Finding the perfect diet plan can be difficult--especially for most of us, who love to eat! But despite what many believe, eating healthy doesn't mean you have to cut everything you love out of your food regime.
According to experts, the 80/20 diet is the epitome of a balanced eating plan--and it's one you can happily maintain throughout your life. The diet involves eating clean, whole foods for about 80 percent of your day, while the other 20 percent is spent eating "cheat" foods, including carbs.
"The 80/20 rule can be a fantastic way to enjoy the foods you love and keep your weight in check," said Sarah Berndt, registered dietician (R.D.) for Complete Nutrition, in an article for Shape magazine.
"It's a more livable diet style, which allows you to enjoy a few special treats without feeling guilt," Sharon Palmer, R.D. and author of The Plant-Powered Life, told Shape.
Often, eating a food that doesn't fit into the "healthy" category can lead to harmful tactics like binging and skewed perceptions about body image.
"The 80/20 rule is very loose guidance and could be applied to a diet lifestyle that's already in balance when it comes to calorie needs," said Palmer.
And just because the 80/20 allows you to indulge in some "treats," it doesn't mean you should gorge yourself on that next bag of chips or box of cookies.
"It’s still important to practice moderation and portion control with the 80/20 rule," said Berndt. "Try to consider [the 20 percent indulgence] more as a general rule of thumb," rather than a specific target to meet each day.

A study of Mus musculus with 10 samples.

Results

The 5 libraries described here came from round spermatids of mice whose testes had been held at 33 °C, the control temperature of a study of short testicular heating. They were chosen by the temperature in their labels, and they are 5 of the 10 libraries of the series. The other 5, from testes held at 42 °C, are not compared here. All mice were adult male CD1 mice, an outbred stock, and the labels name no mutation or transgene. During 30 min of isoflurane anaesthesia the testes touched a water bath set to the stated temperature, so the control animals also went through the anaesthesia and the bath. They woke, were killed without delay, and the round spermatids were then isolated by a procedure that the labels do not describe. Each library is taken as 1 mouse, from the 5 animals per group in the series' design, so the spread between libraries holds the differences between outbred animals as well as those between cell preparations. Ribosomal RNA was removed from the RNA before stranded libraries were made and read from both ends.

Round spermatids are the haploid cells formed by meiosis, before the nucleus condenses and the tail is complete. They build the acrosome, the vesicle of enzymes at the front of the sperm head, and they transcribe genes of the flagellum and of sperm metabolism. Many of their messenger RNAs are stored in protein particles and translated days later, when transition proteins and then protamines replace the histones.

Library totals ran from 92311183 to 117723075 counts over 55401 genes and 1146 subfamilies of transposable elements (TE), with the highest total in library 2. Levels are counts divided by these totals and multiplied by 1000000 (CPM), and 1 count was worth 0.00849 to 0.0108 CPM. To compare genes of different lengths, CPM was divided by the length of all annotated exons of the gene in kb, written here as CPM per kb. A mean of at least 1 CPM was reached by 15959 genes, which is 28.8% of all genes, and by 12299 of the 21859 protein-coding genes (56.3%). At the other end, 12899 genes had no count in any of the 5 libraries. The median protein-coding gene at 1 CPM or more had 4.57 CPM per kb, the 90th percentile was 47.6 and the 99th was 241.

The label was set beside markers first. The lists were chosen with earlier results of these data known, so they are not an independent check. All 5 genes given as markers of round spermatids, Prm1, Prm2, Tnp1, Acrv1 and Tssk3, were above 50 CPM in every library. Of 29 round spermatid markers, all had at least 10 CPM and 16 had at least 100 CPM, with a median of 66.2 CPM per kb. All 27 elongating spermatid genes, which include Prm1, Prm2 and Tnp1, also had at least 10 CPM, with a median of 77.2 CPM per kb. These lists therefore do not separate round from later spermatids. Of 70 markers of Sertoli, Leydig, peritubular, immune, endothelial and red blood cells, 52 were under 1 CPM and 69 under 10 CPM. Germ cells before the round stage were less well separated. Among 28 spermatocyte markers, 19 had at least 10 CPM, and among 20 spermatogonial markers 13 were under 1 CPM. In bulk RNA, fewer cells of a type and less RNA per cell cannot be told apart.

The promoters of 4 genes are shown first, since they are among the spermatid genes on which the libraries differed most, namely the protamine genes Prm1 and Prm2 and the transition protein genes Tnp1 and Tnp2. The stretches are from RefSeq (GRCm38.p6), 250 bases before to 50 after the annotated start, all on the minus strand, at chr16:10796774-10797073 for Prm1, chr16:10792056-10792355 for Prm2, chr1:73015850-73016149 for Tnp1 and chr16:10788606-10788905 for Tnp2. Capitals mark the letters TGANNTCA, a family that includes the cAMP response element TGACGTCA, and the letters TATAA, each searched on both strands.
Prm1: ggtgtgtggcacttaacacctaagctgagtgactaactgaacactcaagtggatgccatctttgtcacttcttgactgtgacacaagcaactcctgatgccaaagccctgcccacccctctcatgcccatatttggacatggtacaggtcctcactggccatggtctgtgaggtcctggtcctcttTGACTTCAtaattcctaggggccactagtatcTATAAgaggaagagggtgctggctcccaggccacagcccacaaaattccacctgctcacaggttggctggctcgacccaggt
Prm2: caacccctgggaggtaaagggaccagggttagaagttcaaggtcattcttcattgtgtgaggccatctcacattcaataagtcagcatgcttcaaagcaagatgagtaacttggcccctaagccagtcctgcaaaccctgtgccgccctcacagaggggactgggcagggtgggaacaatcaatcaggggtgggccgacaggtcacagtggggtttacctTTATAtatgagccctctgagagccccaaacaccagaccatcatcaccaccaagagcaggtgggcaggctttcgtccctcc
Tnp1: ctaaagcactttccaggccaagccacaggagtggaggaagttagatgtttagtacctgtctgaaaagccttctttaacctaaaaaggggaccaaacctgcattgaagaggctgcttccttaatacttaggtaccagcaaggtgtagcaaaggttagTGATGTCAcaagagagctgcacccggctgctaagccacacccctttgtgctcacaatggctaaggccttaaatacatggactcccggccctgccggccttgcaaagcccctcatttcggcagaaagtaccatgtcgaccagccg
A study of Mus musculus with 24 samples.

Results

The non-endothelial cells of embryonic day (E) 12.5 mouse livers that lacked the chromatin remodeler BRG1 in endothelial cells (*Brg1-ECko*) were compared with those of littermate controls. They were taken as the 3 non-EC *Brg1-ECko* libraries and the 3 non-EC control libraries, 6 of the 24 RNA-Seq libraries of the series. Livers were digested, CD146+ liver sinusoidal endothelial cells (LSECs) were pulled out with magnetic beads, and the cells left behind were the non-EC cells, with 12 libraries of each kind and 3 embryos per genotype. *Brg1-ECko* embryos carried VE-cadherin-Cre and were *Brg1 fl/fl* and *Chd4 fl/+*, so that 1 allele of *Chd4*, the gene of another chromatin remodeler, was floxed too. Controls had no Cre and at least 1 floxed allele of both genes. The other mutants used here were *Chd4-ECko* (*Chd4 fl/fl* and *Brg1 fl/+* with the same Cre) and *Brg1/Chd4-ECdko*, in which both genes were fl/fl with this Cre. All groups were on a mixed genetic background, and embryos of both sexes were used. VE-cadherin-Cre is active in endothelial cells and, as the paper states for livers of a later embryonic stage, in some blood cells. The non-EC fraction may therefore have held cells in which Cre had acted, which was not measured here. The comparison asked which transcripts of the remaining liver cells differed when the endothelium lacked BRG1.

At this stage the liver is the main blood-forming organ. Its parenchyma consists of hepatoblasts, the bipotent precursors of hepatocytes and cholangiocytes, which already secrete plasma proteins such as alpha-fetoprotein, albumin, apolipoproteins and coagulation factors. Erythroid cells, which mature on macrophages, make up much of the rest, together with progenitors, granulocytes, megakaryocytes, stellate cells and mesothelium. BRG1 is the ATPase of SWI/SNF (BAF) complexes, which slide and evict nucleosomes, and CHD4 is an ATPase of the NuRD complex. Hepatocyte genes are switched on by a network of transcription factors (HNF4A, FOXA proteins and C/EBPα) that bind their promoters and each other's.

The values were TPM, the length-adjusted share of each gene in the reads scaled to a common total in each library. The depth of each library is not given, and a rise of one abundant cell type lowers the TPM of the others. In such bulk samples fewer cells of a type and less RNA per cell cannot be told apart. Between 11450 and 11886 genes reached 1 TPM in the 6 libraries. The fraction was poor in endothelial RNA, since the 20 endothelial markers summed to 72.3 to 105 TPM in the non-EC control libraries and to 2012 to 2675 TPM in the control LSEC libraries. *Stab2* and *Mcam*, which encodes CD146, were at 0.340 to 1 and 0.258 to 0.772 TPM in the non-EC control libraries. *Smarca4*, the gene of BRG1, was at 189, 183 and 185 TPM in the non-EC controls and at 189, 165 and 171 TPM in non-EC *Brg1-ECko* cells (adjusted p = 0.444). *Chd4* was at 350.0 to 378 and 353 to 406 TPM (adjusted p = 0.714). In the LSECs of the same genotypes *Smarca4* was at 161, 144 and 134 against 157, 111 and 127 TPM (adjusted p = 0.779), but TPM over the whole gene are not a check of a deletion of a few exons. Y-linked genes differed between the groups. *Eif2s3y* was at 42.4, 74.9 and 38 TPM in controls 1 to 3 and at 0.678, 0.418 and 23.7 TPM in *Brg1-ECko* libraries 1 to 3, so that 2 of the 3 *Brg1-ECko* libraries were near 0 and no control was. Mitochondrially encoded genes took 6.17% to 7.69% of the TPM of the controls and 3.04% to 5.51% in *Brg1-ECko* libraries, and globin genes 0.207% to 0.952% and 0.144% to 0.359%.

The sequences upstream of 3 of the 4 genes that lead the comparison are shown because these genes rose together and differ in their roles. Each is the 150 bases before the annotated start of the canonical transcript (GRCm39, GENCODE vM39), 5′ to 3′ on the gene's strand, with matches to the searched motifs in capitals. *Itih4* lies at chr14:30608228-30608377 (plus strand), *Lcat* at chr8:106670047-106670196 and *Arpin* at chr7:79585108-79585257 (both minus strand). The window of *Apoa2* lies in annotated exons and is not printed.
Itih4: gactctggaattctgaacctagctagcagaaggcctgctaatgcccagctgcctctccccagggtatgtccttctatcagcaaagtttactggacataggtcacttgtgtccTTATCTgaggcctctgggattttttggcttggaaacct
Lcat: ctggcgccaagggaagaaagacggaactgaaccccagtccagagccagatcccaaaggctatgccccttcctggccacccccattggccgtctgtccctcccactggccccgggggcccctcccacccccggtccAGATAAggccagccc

"Every meal is an opportunity to nourish your body," said Palmer. "For many of us, every bite should count in order to reward us with fiber, protein, healthy fats, vitamins, minerals, and phytochemicals (plant compounds with antioxidant and anti-inflammatory compound)."
Palmer also suggest it's better to aim lower than this allowance, as most "people are really bad at estimating how much food they eat and consistently underestimate calories and portions."
Overall, it's important to think of this portion as a reward rather than a necessity, especially as eating healthy will help you crave fewer sweets in the long run!
So, are you ready to jump on board with the 80/20 diet?
The 63-year-old has been a vegetarian since the age of 13, and she told the L.A. Times that she believes her diet is a good defense against disease. "I call it my rainbow diet," she said. "I like to encompass as many colors as I can in a day because at some point, you always get these news reports that everything gives you cancer. I think that it’s really benefitted me to have had this lifetime of healthy eating behind me. It’s been a great foundation."